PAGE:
Trouble In Shangri-La
Stevie Nicks gets a lot of help from her Los Angeles friends on her first solo album since 1994’s Street Angel. As it turns out, she needs it.
Nicks belts out the opening title track as multi-tracked backing vocals provide support. But you can tell she doesn’t quite have the range she used to. Sheryl Crow turns up as producer on the second track, “Candlebright,” as well as four other songs here. She also wrote one of the songs and sings and plays guitar on several. Her presence is felt most strongly on “That Made Me Stronger,” which features that familiar Crow loping tempo and some nice fretwork from Crow guitarist and former Wire Train-er Jeff Trott. Other guests include Nicks’ Fleetwood Mac foil Lindsey Buckingham on the otherwise forgettable “I Miss You” and Macy Gray on “Bombay Sapphires.”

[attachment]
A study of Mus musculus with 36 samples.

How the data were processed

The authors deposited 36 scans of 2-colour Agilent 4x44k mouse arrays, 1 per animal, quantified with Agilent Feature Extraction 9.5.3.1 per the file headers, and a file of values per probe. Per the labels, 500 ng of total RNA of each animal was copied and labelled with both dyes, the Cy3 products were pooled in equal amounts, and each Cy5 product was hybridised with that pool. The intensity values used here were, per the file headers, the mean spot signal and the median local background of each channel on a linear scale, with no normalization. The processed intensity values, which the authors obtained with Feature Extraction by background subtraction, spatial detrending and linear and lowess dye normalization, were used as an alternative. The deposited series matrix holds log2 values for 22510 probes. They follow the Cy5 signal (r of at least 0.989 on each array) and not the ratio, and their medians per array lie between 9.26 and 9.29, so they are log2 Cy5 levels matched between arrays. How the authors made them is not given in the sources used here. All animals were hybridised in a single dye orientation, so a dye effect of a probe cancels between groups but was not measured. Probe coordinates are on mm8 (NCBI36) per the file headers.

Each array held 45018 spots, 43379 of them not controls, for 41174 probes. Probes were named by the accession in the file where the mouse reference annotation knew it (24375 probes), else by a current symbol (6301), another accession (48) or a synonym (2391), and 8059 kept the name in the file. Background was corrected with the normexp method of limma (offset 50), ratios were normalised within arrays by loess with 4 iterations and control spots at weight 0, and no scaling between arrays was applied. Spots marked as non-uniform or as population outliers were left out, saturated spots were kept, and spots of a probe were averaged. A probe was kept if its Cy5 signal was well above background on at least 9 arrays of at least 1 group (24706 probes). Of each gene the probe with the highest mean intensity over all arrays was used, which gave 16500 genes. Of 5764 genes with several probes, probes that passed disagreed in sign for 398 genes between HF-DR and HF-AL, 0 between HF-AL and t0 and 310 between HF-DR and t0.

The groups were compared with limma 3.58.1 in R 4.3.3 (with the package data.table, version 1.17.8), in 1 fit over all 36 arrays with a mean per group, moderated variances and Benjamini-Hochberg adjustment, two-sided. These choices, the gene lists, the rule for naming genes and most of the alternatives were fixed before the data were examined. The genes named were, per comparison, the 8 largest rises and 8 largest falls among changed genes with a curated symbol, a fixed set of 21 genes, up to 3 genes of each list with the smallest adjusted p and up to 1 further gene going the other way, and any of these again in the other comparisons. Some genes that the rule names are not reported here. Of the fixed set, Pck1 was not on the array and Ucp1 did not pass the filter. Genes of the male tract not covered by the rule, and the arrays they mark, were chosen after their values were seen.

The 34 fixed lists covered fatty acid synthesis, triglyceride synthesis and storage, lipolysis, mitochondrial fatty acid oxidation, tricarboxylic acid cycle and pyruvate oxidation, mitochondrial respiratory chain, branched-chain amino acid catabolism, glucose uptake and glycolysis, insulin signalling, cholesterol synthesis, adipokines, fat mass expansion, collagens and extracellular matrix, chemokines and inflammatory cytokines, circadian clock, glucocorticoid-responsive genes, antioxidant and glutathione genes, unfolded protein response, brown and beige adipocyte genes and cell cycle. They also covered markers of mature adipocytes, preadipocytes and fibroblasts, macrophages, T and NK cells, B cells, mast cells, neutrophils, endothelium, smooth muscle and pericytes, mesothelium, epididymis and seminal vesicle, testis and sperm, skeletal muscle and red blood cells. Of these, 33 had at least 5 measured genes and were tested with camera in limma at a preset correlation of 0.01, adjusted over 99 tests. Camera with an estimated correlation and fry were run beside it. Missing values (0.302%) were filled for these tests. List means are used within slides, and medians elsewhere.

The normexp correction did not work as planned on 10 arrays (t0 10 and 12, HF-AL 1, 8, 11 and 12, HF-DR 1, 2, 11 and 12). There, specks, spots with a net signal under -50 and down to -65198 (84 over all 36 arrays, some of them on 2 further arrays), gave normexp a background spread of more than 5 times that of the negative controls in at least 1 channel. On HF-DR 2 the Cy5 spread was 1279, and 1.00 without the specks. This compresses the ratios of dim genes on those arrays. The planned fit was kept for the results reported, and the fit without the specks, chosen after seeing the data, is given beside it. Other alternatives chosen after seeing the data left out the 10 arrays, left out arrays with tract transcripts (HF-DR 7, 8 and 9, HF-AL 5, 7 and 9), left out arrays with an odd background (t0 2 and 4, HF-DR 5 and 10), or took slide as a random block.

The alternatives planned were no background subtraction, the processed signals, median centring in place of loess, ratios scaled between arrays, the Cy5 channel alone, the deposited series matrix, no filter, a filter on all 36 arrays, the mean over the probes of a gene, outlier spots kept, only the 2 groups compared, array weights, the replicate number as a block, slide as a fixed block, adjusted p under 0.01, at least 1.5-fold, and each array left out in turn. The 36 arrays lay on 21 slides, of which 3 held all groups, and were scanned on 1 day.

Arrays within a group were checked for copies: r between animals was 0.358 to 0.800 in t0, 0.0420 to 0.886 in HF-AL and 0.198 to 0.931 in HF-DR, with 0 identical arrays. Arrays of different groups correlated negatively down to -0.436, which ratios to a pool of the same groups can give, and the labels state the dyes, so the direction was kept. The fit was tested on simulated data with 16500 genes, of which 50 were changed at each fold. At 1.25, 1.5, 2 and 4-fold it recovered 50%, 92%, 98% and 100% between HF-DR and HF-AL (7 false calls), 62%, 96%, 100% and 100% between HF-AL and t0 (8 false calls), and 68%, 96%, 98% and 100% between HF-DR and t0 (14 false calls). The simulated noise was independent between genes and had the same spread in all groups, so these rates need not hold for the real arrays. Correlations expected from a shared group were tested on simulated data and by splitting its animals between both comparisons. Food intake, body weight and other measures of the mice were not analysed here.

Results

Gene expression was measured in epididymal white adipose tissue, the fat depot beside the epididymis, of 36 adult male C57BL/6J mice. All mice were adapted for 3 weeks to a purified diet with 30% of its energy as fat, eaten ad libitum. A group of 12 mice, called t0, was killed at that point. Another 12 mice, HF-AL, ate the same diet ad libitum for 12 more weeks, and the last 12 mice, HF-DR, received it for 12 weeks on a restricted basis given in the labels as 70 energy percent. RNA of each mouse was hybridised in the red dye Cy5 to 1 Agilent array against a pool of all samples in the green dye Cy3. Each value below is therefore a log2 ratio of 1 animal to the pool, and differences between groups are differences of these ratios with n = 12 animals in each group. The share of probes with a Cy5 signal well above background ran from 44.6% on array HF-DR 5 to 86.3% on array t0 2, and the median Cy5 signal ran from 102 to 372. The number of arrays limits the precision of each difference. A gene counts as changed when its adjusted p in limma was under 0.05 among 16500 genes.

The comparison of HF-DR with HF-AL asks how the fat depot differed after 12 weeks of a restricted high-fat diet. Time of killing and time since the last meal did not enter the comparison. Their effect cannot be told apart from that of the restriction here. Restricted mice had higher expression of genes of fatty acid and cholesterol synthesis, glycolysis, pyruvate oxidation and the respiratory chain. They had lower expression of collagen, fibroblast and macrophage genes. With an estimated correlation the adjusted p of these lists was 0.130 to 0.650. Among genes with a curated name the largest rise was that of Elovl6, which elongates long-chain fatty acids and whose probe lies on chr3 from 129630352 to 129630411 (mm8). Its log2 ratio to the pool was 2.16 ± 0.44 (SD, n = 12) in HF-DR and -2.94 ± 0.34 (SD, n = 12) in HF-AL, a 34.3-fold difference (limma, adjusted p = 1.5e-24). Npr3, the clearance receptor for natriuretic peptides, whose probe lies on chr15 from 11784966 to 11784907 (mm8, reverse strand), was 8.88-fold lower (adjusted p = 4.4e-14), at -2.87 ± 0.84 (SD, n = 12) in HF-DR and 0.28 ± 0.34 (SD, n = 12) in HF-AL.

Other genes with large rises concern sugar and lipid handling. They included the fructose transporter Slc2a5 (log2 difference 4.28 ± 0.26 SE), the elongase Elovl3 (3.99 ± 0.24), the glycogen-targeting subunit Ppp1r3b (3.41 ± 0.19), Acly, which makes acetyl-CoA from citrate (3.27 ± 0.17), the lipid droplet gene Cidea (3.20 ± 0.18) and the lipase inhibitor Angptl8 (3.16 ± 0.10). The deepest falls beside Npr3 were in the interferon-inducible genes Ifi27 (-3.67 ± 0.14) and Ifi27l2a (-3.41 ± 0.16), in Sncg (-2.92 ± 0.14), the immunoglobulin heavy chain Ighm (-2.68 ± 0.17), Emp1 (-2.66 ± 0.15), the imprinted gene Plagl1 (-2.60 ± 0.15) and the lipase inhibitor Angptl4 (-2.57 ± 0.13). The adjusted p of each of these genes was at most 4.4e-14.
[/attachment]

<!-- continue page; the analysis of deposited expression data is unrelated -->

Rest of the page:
Nicks tries to add to her witchie-poo mystique on “Sorcerer,” which has a bit of a hypnotic quality, but try as she might, it’s not quite magic. “Show me the high life/Come over/Let me put you on ice,” she sings. Might make a good beer commercial.
“Planets of the Universe” sounds programmed and Pro Tool-ed to within an inch of its life. In fact, the first track here that sounds light on its feet is “Every Day,” which Nicks didn’t write. She fares better on “Too Far From Texas,” a twangy duet with Dixie Chick Natalie Maines that also features Heartbreaker Mike Campbell on guitar.
But the strongest track here may be the up-tempo rocker “Fall From Grace,” even though it too sounds a bit overripe. The record concludes with Sarah McLachlan joining Nicks for a piano ballad with trite lyrics called “Love Is.”
Based on Trouble In Shangri-La, I think it may be time for another Fleetwood Mac reunion.